A new job offer just landed in your inbox. You're being sent to a lush, remote corner of Africa. Images are dancing through your head: a country you've never seen, a culture you're soon to know, a language you might learn, and a humanitarian situation with new challenges. Adrenaline shoots through your humanitarian veins.
No doubt - it's exciting to work in such unique and culturally-interesting parts of the world while committing energy, skills and time to people in need. Indeed, aid work is exciting, stimulating, inspiring and rewarding. But, it can also be exceptionally lonely - especially in the deep field.
It's often just you and your work. Your work and you. In this environment, what do you do? You work more!! This is great for your employer, but it's not so ideal for YOU!
If your employer emphasizes the importance of staff well-being and takes measures to ensure balance between the personal and professional lives of staff, wonderful. But, the reality is that this is often not the case. So, instead of sitting around, complaining about the lack of personal life in the workplace, DO SOMETHING ABOUT IT!
It's up to you to prioritize your personal life so you can remain happy, healthy and whole . . .
Advocate for yourself
- Remind your employer that you are available to work nights and weekends when emergencies arise but not every night and weekend.
- Share innovative approaches to staff well-being with your supervisor and colleagues to see how your office might introduce healthier approaches to work. (Examples: yoga classes, meditation, book club, writing group, running club, art classes, local cooking classes, special celebrations for individual and office successes, etc.)
- Refrain from responding to non-urgent phone calls, emails, Skype messages, texts, etc. during your personal hours and vacation time.
- Remind your employer that you cannot work or come to the office, if your contract renewal is not yet in place.
- Practice healthy approaches in your own daily life - exercise, hobbies, journal-writing, yoga, meditation, contact with family and friends, etc.
Focus on your personal well-being
- Discover something new within the local culture. Get out and explore (unless, of course, security conditions suggest you should do otherwise!).
- Engage your mind, by reading new books, joining an online course, studying the history and culture of the country where you're living, and consider sharing these experiences with a group of people living in the same community, to render it social too.
- Keep a journal and write or draw. Let your mind go. Don't judge what you write or draw; just allow your mind to create. The field and your experiences as an aid worker can lend to incredibly touching stories and artwork. Have at it . . .
- Practice yoga and meditate, and consider teaching these skills to others or just get together and practice as a group.
- Integrate a daily exercise regime into your life. Wake up, work out, and prepare for a more uplifting day. Exercise with others to realize the benefits of bonding through exercise/sport.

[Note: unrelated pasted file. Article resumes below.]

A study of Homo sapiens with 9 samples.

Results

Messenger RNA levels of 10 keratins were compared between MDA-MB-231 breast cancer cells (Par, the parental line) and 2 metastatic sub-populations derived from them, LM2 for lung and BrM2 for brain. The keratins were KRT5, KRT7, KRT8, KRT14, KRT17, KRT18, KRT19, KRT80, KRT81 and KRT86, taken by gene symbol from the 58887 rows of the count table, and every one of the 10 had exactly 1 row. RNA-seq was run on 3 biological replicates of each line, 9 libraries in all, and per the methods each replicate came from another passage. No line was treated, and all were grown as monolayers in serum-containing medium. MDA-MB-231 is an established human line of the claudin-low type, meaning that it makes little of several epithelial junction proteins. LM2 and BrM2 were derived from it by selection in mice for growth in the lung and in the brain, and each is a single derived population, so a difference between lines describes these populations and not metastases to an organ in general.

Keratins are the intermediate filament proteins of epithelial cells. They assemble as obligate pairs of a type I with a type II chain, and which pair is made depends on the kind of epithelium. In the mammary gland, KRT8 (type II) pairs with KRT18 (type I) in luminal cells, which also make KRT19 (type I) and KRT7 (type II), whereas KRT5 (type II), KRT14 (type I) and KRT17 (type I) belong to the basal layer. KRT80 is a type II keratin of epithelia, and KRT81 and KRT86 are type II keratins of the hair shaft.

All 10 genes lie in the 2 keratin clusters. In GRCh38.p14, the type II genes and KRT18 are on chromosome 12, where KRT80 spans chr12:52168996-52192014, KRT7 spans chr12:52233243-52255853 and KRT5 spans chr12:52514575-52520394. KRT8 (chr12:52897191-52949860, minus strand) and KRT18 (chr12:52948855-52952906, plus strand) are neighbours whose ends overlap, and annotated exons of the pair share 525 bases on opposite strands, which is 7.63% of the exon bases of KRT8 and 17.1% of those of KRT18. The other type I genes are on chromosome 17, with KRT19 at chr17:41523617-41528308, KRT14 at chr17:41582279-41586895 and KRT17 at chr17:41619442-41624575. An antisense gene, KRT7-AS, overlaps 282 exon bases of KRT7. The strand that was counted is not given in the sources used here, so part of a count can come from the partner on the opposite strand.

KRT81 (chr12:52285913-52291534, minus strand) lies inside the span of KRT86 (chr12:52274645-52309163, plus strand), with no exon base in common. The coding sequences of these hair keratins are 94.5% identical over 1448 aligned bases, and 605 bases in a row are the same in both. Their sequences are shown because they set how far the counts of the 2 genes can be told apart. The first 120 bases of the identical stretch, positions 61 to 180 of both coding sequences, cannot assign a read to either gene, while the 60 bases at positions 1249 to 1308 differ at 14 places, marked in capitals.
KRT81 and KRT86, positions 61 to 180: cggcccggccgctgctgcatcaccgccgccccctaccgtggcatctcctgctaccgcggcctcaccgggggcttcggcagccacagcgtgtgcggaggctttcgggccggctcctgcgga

- Swim. Ride your bike (even if just on an indoor trainer). Relax in the sun. Get a massage. Do something chillaxing just for you.
- Visit a local orphanage to change your mindset and offer something different to your local community through children.
- Teach any skills (language, cooking, sports, music, dance, yoga, etc.) you may have to children, vulnerable women, prisoners, or others in your local community. While this may seem similar to your work, you may be surprised at how rewarding and uplifting it can be to spend your weekends outside your office, away from your colleagues, engaging with those in your community.
- Stay in touch with family and friends, and take time out of your work schedule for those who are important to you.
Start by recognizing the signs that you may be lonely:
- You find yourself working non-stop weeknights and weekends.
- Your alcohol consumption goes from an occasional beer to an every night must-have.
- You spend more time on Facebook than interacting with the people where you live.
- You daydream about a new assignment and count the days until your current contract ends.
- You feel a familiar twinge of regret when you wake up in someone else's bed ... again. Oops.
Aid work can be lonely. Understand that, while this is rarely admitted, it is a reality. But, loneliness doesn't have to be your reality.
So, don't be lonely! Connect with us online and take measures to embrace the inner being within you seeking stimulation beyond the working world.
You've reached the bottom of the page. We know what you're thinking: "How paternalistic!!" We get it. But, do not brush off our advice, assuming we're just boring introverts who have always made the "right" decisions. Au contraire! We're trying to help you recognize how you can find a greater balance between your personal and professional lives and generally live a healthier, more enjoyable life in the field rather than realize in the midst of a brutal attack that you've committed your life to work, never prioritized your own well-being, and developed unhealthy habits to compensate for your unhappiness. Your life matters too! Take care of YOU!!
If you have other suggestions on healthy distractions, please share them!